As long as China has been the “C” in BRICS, the acronym that stands for five of the world’s emerging national economies, the Western music industry has tried to make forays into that country. Most of those efforts have fallen flat, but that hasn't stopped the international music festival Culture Collide from putting together its first-ever Chinese Indie Night, Friday, Oct. 9 at the Regent Theater in downtown Los Angeles.

“Doing business in China is one of the biggest, most difficult tasks … anyone who has tried to work there in any capacity will attest to that,” says Culture Collide founder Alan Miller. “You’ve got the language barrier, that’s very challenging. How people communicate is very different. You’ve got an economy that is very unstable. They do business differently. China is still a communist country. You’re limited by the information you’re given. Google doesn’t work. The energy in China is weird. It’s hard to understand. It’s a real interesting situation. It’s amazing to go there and succeed.”

To host Chinese Indie Night — so dubbed in order not to confuse fans who might be expecting Chinese über-pop stars — Culture Collide partnered with Modern Sky, mainland China’s leading music entertainment company and producers of a massive music festival of the same name. The three acts featured on this night are acoustic singer/songwriter Song Dongye, electronic dance-rock crossover group New Pants, and Miserable Faith, who mix up Chinese folk instruments with reggae sensibilities in a rock & roll setting. (A fourth group, Hedgehog, had to cancel their appearance due to illness.) New Pants have toured internationally, including a Coachella appearance in 2011, but the others are largely unknown to U.S. audiences.

New Pants; Credit: Courtesy of Modern Sky

New Pants; Credit: Courtesy of Modern Sky

Chinese Indie Night is one of three stops Modern Sky is making across the U.S. with its bands, along with Modern Sky-branded festivals in New York City and Seattle. These festivals also feature U.S. talent such as Plastic Ono Band, Gang of Four, Ariel Pink and Black Lips, among others, and follow Modern Sky’s successful festival held in Helsinki, Finland this past August.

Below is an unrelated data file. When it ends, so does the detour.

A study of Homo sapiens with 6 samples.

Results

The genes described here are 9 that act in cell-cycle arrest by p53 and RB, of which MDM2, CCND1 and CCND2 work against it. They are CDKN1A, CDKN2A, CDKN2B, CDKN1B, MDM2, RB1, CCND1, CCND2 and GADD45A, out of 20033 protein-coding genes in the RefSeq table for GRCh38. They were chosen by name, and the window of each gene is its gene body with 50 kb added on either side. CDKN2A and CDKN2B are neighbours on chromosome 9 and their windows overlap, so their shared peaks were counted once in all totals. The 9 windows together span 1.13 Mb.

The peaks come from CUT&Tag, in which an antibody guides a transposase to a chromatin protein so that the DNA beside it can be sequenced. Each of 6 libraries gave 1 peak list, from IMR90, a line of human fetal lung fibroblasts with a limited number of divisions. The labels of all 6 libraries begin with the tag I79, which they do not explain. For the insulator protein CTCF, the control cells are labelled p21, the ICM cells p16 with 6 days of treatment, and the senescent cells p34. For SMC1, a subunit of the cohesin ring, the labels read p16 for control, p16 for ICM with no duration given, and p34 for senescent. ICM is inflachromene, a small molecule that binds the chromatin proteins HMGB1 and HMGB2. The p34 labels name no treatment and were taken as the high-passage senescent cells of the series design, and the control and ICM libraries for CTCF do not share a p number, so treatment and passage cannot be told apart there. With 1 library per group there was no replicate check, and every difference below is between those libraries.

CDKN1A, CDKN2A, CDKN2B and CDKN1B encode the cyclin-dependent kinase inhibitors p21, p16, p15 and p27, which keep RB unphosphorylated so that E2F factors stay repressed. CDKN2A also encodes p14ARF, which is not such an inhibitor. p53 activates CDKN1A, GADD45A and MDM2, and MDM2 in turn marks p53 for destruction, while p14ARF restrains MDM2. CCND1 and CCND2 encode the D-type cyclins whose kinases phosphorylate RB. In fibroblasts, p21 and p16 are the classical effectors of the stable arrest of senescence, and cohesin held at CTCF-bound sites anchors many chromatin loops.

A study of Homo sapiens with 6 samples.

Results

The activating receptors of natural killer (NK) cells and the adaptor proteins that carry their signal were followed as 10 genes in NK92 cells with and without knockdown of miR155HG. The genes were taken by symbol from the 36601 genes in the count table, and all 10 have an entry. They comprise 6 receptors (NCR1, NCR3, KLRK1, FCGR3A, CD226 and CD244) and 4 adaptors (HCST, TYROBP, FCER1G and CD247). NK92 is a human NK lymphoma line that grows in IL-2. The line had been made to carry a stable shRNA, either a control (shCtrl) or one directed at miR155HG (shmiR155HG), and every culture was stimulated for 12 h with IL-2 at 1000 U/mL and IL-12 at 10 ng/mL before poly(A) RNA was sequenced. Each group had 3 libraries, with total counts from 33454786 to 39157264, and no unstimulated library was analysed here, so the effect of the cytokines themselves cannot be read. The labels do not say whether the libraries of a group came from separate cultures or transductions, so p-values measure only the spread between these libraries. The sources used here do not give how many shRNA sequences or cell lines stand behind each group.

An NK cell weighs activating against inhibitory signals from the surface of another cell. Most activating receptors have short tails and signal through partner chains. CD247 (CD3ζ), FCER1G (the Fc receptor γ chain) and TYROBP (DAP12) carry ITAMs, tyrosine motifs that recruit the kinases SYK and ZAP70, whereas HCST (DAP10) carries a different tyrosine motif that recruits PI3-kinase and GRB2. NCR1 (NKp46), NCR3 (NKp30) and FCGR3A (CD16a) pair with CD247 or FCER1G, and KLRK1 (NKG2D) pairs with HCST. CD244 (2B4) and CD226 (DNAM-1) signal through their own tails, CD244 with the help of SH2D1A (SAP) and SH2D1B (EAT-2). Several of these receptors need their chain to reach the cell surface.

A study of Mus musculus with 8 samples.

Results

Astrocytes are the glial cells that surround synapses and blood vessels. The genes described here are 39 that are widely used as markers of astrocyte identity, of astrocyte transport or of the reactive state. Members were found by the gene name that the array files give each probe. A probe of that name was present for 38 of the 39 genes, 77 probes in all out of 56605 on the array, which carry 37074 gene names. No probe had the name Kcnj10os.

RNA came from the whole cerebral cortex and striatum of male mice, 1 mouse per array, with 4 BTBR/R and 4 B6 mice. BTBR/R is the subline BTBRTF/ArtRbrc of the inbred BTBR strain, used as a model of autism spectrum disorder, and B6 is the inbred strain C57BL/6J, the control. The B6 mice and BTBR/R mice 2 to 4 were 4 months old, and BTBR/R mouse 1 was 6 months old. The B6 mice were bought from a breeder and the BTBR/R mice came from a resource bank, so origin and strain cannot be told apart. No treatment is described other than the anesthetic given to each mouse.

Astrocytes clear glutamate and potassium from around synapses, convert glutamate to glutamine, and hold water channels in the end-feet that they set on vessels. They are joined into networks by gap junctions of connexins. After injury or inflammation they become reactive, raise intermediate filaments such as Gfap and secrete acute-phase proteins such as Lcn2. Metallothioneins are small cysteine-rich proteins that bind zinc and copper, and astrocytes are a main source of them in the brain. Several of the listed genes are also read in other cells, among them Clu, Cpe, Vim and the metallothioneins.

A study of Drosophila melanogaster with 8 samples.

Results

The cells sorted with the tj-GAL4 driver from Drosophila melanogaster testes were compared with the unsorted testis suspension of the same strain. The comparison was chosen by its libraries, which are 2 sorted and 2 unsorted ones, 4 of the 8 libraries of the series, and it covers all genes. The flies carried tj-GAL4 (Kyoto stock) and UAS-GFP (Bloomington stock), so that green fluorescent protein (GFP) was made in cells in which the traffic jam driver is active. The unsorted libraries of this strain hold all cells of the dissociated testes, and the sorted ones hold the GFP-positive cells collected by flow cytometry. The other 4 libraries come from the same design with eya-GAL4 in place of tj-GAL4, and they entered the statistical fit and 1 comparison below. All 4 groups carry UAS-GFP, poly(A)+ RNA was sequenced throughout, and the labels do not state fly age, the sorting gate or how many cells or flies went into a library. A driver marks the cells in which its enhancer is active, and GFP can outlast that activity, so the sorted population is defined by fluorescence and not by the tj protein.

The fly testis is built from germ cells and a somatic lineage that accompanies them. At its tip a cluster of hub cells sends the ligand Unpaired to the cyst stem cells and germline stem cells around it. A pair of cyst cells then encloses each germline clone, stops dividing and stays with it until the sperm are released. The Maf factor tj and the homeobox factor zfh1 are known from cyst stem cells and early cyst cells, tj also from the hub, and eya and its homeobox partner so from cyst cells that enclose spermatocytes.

“It’s tough for a Chinese band to tour and not have it result in financial loss,” says Modern Sky’s director of international affairs, Michael LoJudice, who has been working with the company for nearly 10 years. “By building festivals we’re creating much bigger events where the band will be playing with a lot of other cool bands. The social and business side to that is promoting a festival to not only traditional music fans, but also to the Chinese communities in cities where there are huge Chinese populations.”

Returning to Los Angeles for its sixth year, Culture Collide features multiple events Oct. 8-10, including a free record fair with over 20 participating independent labels from around the world, a kick-off party at Taix’s Champagne Room (which has a separate RSVP open to the public), and performances by such artists as Ladyhawke, Nick Diamonds and The Juan Maclean. The $30 admission fee for Chinese Indie Night is also good for access to most other Culture Collide events, apart from separately ticketed shows at the Echo and Echoplex.

“We want to make music discovery as inexpensive as possible,” says Miller. “You may not be so willing to see this new band from Peru, but maybe you will if they’re playing with Ash or The Juan Maclean or Ladyhawke. That will help get a lot of people in so the lesser-known international bands are playing to full rooms, too. We put bands together from all around the world, in different environments, to see if they can feed off each other and create great relationships and new success stories.”